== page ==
British musical duo Public Service Broadcasting takes us on the race for space

The World
British music duo Public Service Broadcasting.

British music duo Public Service Broadcasting.

Dan Kendall

Nerdy names, nerdy glasses and a nerdy obsession with archival sounds and old propaganda films — that's the schtick of Public Service Broadcasting, a British musical duo that stopped by our studio in Boston this week.

The conceptual band plays instrumental music over old film footage and found sound. Their latest album, "The Race for Space," plays on the propaganda films pumped out by the Americans and the Soviets from the late 1950s through the early 1970s, during the space race. And, like any good propaganda, their sound hooks you in an eerie, manipulative way.

"[The songs] are not presented without irony. Some of the Soviet stuff is sort of nakedly propaganda-fied — if that's a word," says J. Willgoose, Esq., who plays the guitar, banjo and other stringed instruments along with samplings and electronic instruments. He and drummer Wrigglesworth both go by pseudonyms.

Take the track "E.V.A.," which celebrates the first-ever spacewalk, taken by Soviet cosmonaut Alexei Leonov in March 1965. The song features an authoritative voice shouting, "TEN MINUTES IN SPACE. TEN MINUTES THAT SHOOK THE WORLD!"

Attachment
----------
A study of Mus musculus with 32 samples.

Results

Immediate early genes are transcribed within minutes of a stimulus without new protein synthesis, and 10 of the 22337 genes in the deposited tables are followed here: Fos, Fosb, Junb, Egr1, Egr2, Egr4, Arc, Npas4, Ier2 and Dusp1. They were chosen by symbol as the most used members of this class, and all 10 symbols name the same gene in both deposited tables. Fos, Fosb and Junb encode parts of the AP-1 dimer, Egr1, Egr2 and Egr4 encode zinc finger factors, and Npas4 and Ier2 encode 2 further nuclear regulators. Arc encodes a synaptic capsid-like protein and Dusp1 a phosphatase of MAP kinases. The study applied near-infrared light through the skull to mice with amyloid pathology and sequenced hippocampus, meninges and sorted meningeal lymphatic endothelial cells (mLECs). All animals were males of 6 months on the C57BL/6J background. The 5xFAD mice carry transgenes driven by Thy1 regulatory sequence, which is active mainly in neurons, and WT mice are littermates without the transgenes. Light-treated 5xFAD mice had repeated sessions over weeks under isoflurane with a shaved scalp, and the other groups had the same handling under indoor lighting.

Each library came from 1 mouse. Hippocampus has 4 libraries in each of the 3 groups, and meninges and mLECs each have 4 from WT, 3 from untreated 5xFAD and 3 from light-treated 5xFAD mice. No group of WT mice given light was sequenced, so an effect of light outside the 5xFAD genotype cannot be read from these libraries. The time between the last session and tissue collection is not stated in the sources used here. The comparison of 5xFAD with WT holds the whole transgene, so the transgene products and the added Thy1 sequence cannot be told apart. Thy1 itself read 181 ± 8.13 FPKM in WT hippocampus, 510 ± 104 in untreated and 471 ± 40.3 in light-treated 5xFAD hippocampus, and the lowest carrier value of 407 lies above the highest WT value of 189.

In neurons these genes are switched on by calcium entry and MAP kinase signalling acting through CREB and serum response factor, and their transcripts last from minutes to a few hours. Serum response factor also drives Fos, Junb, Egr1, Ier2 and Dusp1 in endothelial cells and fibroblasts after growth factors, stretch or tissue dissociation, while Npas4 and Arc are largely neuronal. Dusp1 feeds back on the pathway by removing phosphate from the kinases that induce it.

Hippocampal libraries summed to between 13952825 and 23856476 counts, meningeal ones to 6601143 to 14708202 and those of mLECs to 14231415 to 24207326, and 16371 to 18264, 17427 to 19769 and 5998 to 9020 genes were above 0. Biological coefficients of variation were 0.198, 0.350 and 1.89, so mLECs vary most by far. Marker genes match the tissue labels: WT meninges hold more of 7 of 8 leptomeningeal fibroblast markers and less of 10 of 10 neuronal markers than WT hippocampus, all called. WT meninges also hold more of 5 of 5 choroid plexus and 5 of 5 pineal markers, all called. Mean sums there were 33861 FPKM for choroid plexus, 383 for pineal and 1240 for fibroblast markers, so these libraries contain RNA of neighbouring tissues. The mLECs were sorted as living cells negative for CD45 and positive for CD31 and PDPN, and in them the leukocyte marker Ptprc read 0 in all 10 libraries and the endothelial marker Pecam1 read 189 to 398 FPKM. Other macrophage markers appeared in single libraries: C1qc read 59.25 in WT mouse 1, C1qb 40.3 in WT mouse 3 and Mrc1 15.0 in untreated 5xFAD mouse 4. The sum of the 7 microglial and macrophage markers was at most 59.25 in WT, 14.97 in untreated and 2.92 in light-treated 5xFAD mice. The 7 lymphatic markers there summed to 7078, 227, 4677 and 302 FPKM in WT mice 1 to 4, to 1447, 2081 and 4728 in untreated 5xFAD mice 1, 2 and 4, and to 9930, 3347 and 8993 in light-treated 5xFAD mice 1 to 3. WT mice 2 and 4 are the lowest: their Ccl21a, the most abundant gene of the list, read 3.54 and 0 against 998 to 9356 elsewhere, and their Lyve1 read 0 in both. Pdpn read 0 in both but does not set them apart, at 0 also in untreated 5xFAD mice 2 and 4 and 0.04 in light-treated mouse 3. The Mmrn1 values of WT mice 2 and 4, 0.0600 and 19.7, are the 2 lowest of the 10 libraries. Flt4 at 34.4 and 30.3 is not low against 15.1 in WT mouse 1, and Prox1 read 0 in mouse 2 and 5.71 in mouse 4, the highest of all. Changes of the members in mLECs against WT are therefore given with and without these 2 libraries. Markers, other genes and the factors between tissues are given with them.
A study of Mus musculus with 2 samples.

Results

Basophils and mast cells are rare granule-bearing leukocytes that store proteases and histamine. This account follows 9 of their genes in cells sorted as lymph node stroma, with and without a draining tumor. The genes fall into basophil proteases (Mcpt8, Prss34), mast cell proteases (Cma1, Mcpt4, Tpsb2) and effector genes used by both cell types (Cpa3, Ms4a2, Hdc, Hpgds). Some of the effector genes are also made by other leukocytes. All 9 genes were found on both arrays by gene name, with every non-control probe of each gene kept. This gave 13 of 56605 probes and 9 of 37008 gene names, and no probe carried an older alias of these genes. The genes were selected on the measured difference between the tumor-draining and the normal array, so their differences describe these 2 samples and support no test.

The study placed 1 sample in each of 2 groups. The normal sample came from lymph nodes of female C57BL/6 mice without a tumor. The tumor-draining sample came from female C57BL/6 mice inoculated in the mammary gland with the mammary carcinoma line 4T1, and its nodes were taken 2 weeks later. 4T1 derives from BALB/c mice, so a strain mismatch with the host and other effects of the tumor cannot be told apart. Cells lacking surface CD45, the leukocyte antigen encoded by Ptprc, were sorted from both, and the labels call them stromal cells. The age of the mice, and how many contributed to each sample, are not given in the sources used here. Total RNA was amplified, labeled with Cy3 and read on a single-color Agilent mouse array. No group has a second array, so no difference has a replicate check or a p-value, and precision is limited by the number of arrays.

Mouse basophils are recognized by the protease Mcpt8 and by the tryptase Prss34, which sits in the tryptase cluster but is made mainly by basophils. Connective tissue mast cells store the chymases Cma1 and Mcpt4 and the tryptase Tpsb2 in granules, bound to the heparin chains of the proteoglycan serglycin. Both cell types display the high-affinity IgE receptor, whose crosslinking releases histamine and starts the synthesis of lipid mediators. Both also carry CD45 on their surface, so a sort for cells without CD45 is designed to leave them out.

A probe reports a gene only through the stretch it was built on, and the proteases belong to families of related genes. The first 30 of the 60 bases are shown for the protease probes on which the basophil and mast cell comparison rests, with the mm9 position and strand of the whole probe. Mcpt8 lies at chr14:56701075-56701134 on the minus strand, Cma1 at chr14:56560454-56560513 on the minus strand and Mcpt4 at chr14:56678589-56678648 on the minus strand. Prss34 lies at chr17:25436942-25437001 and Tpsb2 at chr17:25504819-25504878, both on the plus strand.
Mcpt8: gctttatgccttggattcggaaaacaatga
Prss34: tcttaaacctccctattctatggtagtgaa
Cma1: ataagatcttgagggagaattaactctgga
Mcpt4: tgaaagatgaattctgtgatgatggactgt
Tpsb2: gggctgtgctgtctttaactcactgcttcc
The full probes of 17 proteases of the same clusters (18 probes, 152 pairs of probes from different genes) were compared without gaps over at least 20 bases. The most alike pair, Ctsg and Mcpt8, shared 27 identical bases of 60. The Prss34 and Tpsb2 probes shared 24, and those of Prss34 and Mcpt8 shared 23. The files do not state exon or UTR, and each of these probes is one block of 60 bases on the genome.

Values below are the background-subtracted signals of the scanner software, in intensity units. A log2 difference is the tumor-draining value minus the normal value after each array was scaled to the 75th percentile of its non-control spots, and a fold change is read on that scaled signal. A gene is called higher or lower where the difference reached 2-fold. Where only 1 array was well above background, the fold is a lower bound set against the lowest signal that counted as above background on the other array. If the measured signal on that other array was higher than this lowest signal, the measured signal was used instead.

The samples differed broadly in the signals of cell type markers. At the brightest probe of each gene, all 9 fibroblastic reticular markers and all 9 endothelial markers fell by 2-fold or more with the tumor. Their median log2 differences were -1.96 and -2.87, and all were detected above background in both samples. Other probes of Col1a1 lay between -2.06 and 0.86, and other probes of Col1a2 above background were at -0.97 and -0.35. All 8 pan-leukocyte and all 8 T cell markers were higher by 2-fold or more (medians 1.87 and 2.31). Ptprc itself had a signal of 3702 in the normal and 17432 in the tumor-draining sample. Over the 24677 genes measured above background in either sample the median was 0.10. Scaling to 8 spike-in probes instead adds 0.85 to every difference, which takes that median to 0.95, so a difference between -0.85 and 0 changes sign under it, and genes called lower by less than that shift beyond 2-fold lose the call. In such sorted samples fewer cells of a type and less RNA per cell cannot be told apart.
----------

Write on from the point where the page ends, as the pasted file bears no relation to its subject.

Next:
"They make no mention of the fact that he was out there for 20 minutes and nearly died because his suit inflated and it was a total disaster," Willgoose says, "For people who kind of know that side of the story, they'll get that slight irony. But we like to leave a bit of room for interpretation. A bit of room for the imagination, hence a bit of mystery in some things."

Willgoose jokes that the archival tape is actually more important than the music. "I was just looking for interesting sounding voices that could spruce up possibly boring instrumental music," he says.

Much of the Soviet sound used in their current album was culled from the archives of the British Film Institute, who recently inherited a trove of Soviet space propaganda films.

The duo also pulled a lot of sound from NASA’s archives. In fact, many of the Apollo missions are available to listen to in their entirety from NASA’s website. “NASA is just a fantastically open and accessible resource," Willgoose says. "They seem to have taken the ‘For all mankind’ mantra in everything they do.’”

The duo is wrapping up a US tour , and while Willgoose is fairly vocal about his obsession with finding a decent cup of tea in America, he's tight lipped about their next project.

"Trying to keep bit of mystery about things," he says. But if you’re looking for more audio/archival "propaganda-fied" adventures, the duo's "Everest" mashes archival tape from Tenzing Norgay and Edmund Hillary's ascent up Mt. Everest.